I’ve seen a lot of attention lately to restoration of extinct species. It strikes me as a band-aid, not a solution.
Here’s the core of the system:
Critters don’t go extinct for lack of human intervention. They go extinct because the balance of birth and death rates is unfavorable, so that population declines, and (stochastically) winks out.
That happens naturally of course, but anthropogenic extinctions are happening much faster than usual. The drivers (red) are direct harvest and loss of the resource base on which species rely. The resource base is largely habitat, but also other species and ecosystem services that are themselves harvested, poisoned by pollutants, etc.
Reintroducing lost species may be helpful in itself (who wouldn’t want to see millions of passenger pigeons?), but unless the basic drivers of overharvest and resource loss are addressed, species are reintroduced into an environment in which the net gain of births and deaths favors re-extinction. What’s the point of that?
If the drivers of extinction – ultimately population and capital growth plus bad management – were under control, we wouldn’t need much restoration. If they’re out of control, genetic restoration seems likely to be overwhelmed, or perhaps even to contribute to problems through parachuting cats side effects.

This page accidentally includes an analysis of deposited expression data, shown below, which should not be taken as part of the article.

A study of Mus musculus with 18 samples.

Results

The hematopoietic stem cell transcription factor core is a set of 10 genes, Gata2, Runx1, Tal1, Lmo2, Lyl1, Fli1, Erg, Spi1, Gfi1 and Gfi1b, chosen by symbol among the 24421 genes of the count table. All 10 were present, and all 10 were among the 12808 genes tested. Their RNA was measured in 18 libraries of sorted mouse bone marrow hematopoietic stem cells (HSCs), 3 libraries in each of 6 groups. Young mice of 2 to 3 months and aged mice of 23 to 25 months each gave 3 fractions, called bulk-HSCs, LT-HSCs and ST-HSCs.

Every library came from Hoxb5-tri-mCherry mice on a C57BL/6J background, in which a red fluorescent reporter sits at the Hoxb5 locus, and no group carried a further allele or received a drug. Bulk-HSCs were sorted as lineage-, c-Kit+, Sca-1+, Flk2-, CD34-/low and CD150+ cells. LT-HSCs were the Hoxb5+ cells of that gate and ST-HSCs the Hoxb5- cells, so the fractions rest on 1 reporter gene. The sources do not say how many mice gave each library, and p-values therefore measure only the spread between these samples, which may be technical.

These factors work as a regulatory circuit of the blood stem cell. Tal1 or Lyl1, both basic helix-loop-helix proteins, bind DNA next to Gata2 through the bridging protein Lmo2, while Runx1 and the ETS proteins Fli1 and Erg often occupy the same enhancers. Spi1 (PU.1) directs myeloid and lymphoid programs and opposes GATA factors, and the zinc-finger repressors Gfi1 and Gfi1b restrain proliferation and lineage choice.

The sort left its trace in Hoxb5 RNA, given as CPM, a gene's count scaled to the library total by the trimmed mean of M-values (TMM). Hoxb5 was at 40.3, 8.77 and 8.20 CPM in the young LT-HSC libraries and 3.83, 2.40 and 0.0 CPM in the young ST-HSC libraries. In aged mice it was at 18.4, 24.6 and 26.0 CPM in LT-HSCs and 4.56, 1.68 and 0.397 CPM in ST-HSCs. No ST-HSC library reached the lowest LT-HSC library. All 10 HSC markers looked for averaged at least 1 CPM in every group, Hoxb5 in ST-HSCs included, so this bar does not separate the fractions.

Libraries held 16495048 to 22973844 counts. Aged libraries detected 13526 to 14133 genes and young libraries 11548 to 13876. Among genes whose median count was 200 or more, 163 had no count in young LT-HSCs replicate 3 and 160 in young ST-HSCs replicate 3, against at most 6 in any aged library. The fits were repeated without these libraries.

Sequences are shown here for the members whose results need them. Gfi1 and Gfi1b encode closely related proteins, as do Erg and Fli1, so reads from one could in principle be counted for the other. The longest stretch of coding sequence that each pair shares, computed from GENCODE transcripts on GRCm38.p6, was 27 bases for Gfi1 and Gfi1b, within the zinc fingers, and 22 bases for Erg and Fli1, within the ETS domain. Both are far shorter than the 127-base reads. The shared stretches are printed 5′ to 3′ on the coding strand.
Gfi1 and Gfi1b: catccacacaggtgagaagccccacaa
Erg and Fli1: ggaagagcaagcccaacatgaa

1 thought on “Species Restoration & Policy Resistance”
Can’t say it any more straightforwardly than that model. It would be interesting to extend it with habitat fragmentation; selective human removal of larger animals; and invasive introductions in depauperate ecosystems (i.e. almost everywhere on Earth).
More complicated to add would be the truncated ecological succession – how we clearcut, strip mine, and drag net so much of the world that Old Growth forests and other mature ecosystems are exceptionally scarce. The tropic pyramid is truncated, and the food chain is unlinked by the heavy footprint of humanity.